Silenced Anger

The family culture I grew up in allowed anger. We were allowed to feel frustration and anger and even express it in both healthy and unhealthy ways. Our anger was more often than not a self-righteous anger rather than a righteous but nonetheless, the emotion was allowed. Some might look into our home and think we needed to be more self-controlled and less passionate. Some might think we hated each other because of how vocal or expressive we were.

We were actually just the opposite – we loved each other and still do. We are even incredibly vocal and expressive to this day. Whether our anger was then acted on, rightly or not, we always knew we were forgiven and accepted in our home.

This was in stark contrast to much of the Christian culture that I found outside of my home. I found the value of self-control to be taken to the point where anger in and of itself was considered sin. Anger was not an emotion to express but to be contained – even silenced. Anger was wrong, anger was sin and no good could come from passion and the high emotion of anger.

This has all been stirring in me as I am a high emotion person yet most who know me would never believe it. I have learned the value and necessity of handling emotions (and am still learning) yet believe I somehow bought into the belief that the emotion of anger is not Christian, therefore I silenced it. I believed that anger is not gracious and as a Christian, I always needed to be gracious. Anger is not allowed.

Then a friend from my seminary years quoted St. Augustine on Facebook saying,

“Hope has two beautiful daughters: their names are anger and courage. Anger that things are the way they are. Courage to make them the way they ought to be.”

Anger and courage connected to Hope. I had never made this connection and I am a hope junkie. So when I saw anger and courage tied to it, I was immediately pulled in.

Anger responds to the fact that things are not the way they should be. Pain, death, destruction, injustice, exploitation, neglect, abuse, pride … these are all present realities that should make us angry. Oh yes, anger is allowed. An anger for God’s goodness, for wholeness, against sin and the consequences of it. These are realities that should remind us that things are not as they should be and a longing for things to be made right and new. Anger sees reality and hope requires reality.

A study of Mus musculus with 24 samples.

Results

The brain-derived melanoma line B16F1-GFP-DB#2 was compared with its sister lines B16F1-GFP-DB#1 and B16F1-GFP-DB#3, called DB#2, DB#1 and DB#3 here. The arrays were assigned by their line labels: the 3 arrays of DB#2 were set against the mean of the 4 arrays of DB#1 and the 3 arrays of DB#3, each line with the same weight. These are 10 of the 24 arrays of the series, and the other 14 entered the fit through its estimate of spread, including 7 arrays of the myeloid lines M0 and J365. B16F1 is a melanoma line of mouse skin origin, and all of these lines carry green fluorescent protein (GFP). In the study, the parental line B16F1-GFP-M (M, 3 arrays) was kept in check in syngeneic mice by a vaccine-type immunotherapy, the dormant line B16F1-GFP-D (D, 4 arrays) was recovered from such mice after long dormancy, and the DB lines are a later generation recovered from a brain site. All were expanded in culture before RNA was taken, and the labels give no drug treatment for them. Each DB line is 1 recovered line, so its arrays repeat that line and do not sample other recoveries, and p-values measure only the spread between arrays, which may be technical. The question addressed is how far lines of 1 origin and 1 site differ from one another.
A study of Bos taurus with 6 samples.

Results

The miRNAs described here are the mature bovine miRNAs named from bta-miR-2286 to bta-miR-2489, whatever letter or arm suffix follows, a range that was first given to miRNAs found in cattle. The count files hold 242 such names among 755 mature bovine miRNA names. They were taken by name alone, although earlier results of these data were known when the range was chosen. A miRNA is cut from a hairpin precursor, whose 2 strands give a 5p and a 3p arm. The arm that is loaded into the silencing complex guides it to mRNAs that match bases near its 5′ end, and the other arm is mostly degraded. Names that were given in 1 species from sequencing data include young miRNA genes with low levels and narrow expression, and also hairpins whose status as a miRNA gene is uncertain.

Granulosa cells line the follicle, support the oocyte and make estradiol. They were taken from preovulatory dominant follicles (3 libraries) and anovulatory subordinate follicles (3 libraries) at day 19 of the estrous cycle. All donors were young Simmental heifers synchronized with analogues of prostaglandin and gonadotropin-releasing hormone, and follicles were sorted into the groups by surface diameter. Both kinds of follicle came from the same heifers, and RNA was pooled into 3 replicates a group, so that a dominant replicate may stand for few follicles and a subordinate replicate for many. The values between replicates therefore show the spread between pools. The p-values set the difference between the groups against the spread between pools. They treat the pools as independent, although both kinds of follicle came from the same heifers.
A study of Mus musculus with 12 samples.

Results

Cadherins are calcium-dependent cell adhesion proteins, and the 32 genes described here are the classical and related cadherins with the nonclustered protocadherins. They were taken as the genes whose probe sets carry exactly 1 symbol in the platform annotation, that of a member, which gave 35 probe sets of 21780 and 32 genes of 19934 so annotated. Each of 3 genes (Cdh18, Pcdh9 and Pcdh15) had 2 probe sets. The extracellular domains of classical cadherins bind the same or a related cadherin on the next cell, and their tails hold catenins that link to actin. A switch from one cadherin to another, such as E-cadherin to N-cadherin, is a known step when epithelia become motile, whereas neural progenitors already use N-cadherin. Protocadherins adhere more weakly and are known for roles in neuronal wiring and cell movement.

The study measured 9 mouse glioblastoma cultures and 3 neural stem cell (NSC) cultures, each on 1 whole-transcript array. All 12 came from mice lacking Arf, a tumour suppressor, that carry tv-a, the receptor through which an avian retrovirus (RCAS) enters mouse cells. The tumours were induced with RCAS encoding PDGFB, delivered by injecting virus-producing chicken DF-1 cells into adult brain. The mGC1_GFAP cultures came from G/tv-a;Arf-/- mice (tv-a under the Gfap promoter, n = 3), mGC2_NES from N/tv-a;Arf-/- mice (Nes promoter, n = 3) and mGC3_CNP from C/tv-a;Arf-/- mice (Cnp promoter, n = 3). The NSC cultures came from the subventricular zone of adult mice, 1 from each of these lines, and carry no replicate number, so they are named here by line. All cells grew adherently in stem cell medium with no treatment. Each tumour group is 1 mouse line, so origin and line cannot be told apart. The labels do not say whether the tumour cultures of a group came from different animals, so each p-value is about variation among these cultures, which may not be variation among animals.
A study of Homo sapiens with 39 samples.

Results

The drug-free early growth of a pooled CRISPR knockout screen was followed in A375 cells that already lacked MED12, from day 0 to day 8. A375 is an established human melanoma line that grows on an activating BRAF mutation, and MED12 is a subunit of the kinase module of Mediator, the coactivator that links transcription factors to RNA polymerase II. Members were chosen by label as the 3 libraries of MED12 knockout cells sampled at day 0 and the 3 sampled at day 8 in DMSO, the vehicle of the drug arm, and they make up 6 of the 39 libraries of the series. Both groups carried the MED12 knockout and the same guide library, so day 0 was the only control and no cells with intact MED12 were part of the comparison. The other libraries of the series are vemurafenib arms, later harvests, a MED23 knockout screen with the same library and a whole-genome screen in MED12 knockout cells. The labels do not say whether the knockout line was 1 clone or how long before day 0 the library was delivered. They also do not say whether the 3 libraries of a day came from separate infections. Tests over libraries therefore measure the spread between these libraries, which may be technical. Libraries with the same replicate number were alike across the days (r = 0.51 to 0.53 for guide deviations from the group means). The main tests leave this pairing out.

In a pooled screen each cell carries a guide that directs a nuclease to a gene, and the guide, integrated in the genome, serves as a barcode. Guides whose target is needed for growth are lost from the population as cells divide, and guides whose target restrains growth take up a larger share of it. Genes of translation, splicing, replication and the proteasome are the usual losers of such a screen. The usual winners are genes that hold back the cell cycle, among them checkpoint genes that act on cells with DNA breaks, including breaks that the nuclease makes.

Hope also takes courage. Courage to see reality and respond to it as God calls. The courage to act as God calls. The courage to face the realities of what angers God and therefore should anger us and move us to courageous living, answering whatever call God might have for us.

Anger is not to be silenced, in fact it is a reminder of how this world is not as it should be. It is a reminder that one day all will be made right and until that day may we have the courage to feel our anger and respond courageously to answer it as God calls us to.

One Comment

  • Peach Blossom

    anger and the struggle to forgive

    I see exactly what you're talking about–righteous anger.  I think the reason people want to silence anger, though, is because it's easier to be angry than it is to forgive.  My family is the opposite of yours–there is much anger, and never the feeling of being forgiven, for old dirt that is constantly being dug up and mixed with new dirt–it snowballs.  I believe my anger is justified and I do hope for justice, peace, and other wrongs to be righted.  Where I stumble is forgiving because when the attacks are relentless, I feel like I'm not being forgiven.  I'm not being accepted.  I'm not being loved.  If I, like you, felt forgiven, appreciated, and secure when the dust settles, maybe forgiveness would come more easily.  If I am not forgiven, it is hard to forgive.  If I know that I struggle to forgive, I figure my best bet is to steer clear of the anger that caused it.  Stay away from the people who provoke it.  Avoid people who cause me to stumble.  When I stumble I lose hope in them and myself.